By: Maria M. C. de Gouveia, Dept. Biology, University of Madeira, Portugal;
Enrique Ianez Pareja, Dept. Microbiology, University of Granada, Spain
Donald Sakaguchi, Neuroscience Program, Iowa State University, USA; Heloisa G. dos Santos, Hospital S. Maria and Faculdade Medicina, Univ. de Lisboa, Portugal; Peter Whittaker, National University of Ireland, Ireland
Following fertilization, a human egg divides several times during the first few days to produce a spherical mass of undifferentiated cells. During this stage the cells are totipotent, i.e. they are each able to give rise to an embryo. In the next stage some of the cells of the embryo give rise to what is called the inner cell mass. These cells are no longer totipotent. The cells can be removed from the embryo and grown in culture. The resultant cells are referred to as embryonic stem cells. (Removal of the cells from the embryo at this stage causes its destruction). In culture the embryonic stem cells can be induced to differentiate into several types of specialized cell (e.g. muscle, nerve, liver). It is expected that in the future these cells will be able to be used for treatment of degenerative diseases (including Parkinson's disease) and some injuries.
Five years ago, Mr. and Mrs. Smith were presented to an in vitro fertilization (IVF) clinic in their local hospital. After a number of attempts, eight eggs were successfully fertilized. Three of these were implanted and eight months later Mrs. Smith gave birth to twins, but only one baby survived. The Smith's requested that the surplus embryos be frozen for possible further implantation at a later stage. No further possibilities for use of the embryos were suggested at this time by the hospital staff.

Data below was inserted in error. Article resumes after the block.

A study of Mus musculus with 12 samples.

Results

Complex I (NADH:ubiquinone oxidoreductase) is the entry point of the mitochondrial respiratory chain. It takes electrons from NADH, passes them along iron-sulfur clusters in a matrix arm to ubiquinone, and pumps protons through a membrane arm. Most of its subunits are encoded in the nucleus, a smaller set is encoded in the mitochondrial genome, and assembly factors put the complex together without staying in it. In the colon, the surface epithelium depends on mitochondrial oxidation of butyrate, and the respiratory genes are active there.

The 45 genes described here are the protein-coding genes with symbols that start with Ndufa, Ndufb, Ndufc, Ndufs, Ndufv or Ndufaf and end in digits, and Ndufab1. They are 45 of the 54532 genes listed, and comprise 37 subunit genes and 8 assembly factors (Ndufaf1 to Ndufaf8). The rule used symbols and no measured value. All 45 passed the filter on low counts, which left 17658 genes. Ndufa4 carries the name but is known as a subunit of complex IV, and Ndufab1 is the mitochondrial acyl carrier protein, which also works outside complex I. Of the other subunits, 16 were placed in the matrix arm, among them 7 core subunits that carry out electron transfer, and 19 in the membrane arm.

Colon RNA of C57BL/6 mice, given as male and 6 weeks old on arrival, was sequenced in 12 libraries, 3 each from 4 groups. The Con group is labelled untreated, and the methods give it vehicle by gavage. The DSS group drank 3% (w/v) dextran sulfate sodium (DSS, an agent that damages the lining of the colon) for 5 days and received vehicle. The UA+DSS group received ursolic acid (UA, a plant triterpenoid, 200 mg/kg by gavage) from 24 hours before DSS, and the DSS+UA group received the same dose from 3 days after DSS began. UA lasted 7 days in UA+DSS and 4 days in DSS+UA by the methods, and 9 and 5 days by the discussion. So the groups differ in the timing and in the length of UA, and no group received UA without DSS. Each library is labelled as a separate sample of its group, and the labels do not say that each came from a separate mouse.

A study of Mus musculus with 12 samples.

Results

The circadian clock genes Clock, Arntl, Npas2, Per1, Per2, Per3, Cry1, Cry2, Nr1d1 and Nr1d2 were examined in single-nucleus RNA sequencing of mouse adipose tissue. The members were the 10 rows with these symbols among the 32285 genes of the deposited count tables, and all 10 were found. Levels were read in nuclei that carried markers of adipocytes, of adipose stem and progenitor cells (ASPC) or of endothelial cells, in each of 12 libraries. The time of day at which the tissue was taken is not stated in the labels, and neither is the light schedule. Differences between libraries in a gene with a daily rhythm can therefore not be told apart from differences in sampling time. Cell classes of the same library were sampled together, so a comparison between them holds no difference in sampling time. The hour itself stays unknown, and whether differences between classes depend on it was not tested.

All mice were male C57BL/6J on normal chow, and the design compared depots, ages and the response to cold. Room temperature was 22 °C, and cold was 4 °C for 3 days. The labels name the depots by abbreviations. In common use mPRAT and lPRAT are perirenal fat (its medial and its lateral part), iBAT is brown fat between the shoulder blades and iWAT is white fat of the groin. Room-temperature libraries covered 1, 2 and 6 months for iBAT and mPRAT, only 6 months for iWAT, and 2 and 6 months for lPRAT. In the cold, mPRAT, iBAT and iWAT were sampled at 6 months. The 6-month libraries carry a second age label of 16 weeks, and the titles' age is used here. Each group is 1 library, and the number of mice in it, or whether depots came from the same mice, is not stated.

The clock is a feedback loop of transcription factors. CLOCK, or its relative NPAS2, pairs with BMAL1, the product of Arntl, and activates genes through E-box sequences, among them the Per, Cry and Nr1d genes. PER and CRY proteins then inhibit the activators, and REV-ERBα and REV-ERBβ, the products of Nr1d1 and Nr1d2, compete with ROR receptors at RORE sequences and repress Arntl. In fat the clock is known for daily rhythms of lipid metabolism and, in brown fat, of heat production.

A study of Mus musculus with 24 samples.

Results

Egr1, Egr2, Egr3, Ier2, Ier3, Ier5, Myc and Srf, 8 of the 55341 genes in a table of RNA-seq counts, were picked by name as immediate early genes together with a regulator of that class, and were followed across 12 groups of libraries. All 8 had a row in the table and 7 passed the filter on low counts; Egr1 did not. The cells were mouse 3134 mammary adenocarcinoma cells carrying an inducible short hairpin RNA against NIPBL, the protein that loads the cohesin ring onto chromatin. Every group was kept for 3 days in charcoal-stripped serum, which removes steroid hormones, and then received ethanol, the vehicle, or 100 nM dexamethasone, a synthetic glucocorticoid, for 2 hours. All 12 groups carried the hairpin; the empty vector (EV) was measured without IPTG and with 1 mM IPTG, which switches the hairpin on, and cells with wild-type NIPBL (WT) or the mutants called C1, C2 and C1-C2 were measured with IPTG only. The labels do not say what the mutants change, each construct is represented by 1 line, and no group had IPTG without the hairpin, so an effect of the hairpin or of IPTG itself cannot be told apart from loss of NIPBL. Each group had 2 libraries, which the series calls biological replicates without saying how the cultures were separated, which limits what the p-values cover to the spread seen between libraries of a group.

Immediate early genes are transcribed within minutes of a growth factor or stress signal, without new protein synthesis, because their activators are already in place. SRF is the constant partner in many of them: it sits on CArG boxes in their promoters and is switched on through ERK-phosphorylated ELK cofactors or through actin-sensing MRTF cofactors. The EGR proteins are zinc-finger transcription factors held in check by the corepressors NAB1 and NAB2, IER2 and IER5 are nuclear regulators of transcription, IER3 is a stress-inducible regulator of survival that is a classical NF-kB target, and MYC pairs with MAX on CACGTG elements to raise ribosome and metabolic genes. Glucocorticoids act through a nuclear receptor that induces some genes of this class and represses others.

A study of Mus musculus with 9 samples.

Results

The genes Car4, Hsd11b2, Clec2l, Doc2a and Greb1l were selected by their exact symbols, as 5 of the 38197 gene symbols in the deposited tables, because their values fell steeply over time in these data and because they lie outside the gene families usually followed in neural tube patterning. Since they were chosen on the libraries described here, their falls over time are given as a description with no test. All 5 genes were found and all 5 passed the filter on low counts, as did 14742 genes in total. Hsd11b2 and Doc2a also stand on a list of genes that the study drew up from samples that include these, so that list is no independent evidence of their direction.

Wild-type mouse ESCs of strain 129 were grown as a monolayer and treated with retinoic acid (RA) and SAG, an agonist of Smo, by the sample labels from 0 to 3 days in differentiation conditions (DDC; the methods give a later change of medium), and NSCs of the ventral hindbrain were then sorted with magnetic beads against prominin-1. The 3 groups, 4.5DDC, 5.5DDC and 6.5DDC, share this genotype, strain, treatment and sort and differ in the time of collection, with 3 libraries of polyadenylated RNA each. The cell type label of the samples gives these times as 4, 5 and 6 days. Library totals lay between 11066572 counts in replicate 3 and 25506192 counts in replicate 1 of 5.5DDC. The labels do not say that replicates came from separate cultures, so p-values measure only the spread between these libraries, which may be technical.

Tragically Mr. and Mrs. Smith died in an automobile accident one-year later. Two years after this the IVF clinic tried to contact the couple to determine their wishes concerning the disposition of the frozen embryos, and at this stage learned of their deaths. In the hospital there was a research group actively researching therapies for Parkinson's disease. They had already presented a proposal to the hospital Ethics Committee to be allowed to use stem cells derived from frozen embryos for research in Parkinson's disease therapy and the project had been approved.
The Director of the research team approached the IVF clinic to see whether they had surplus frozen embryos that they might use. The head of this clinic offered the surplus Smith embryos to the Director of the research team.
In the country where this happened, there is no clear legislation concerning embryo stem cell research.